After the news earlier this week, that French president Emmanuel Macron said in an interview with Le Parisien that he intended to "fuck off" the 5 million citizens of his country who had not been vaccinated by imposing severe restrictions on them, the least that can be said is that the leading countries of the European Union have decided to step out of the comfort zone of vaccination recommendations to enter the thorny path of punishing those who are unvaccinated. Germany is also considering passing a compulsory vaccination law in February, as is Austria.

The most striking thing is that one can easily detect a sense of support for more radical actions against people who have not yet been vaccinated. The Christmas festivities in Catalonia, which for many families were precarious because of the restrictions applied here, have clearly reinforced this tendency to see the unvaccinated as part of the problem. When, in part, the reality is much more complex, because the source of people's anger lies in the fact that we were told that mass vaccination would solve the problems of restrictions and end the ban on mixing with other people's bubbles. Now, all that has been thrown in the bin.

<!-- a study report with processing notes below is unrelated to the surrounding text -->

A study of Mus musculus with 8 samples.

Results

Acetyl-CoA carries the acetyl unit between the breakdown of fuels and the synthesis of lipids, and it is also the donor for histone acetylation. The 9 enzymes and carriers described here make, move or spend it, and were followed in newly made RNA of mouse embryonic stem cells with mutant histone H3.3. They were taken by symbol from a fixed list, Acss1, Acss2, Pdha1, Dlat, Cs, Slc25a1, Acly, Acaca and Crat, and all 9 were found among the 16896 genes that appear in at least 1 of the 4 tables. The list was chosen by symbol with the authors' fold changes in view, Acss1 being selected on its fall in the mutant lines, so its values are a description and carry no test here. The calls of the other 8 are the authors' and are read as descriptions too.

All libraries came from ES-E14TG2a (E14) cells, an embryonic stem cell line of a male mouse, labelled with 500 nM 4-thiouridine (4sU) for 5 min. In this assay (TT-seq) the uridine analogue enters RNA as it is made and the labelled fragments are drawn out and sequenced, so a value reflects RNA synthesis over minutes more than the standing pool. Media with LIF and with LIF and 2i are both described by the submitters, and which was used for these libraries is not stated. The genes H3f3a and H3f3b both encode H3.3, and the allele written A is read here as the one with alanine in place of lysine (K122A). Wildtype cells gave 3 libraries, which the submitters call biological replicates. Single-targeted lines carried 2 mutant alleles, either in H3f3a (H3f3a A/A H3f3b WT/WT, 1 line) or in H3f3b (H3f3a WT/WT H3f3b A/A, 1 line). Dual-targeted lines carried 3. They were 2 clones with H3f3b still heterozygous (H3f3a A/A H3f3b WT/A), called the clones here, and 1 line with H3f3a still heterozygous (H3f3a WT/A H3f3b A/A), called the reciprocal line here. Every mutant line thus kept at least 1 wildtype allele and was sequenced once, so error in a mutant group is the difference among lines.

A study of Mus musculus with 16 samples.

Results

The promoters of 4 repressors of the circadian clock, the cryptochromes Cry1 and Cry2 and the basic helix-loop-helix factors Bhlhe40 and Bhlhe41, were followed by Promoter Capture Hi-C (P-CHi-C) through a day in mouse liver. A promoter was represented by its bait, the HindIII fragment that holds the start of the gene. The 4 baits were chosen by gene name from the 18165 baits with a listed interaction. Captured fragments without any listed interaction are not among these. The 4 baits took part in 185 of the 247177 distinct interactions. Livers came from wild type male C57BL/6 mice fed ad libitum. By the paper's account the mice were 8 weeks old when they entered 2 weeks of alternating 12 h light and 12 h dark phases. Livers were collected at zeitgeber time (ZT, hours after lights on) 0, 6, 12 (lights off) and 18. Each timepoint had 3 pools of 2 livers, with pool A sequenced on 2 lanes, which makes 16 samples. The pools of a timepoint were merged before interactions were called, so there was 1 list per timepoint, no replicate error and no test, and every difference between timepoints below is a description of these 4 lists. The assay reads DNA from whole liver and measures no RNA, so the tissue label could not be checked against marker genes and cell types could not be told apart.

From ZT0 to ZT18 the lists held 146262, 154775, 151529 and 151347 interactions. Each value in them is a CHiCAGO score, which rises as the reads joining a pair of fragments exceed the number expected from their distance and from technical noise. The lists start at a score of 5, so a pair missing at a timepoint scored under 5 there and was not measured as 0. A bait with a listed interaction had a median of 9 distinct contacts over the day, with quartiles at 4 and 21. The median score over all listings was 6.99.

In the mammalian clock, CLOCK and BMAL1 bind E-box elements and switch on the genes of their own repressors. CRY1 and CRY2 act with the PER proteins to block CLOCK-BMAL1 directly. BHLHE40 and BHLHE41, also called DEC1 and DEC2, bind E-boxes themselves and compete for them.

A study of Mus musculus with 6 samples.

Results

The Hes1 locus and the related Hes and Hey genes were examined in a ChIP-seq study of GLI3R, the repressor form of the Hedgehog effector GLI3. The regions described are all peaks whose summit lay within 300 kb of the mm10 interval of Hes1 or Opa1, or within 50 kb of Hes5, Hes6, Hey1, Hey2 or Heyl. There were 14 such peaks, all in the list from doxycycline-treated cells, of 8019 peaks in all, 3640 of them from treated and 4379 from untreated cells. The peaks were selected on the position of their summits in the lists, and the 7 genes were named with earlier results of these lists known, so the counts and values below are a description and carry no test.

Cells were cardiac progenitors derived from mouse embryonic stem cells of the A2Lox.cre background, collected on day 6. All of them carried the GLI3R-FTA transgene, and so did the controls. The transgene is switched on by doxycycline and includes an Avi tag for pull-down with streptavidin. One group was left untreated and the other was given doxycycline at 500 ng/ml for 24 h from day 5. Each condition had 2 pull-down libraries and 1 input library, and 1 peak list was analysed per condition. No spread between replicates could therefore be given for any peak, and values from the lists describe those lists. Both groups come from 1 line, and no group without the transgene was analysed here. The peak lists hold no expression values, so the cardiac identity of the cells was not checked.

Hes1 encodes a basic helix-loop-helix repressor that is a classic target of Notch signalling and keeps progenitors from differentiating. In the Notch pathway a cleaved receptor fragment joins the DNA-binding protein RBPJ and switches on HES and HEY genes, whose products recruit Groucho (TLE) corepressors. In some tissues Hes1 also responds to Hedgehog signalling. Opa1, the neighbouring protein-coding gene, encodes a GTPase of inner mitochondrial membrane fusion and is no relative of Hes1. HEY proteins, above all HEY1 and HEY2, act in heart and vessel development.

In some ways, the Christmas of 2021 was not very different from that of 2020 for many households, as the increase in infections derived from the omicron variant led to the cancellation of a good number of family gatherings. And as well, it only takes a conversation with key players in the restaurant sector to learn that they had to keep slogging on amidst permanent cancellations that, in some cases, reached 50% of bookings in a key period of year, when much of their twelve-month income is at stake.

The unanswered question is whether Spain will go down the road of compulsory vaccination or watch from the sidelines, because the proportions of the population vaccinated in those countries are not so different from those here, and in the midst of campaigning for a third jab, there is already talk of the fourth, the administration of which has already begun in some countries. For me, the most concerning thing is the great confusion that sits nervously behind every decision made.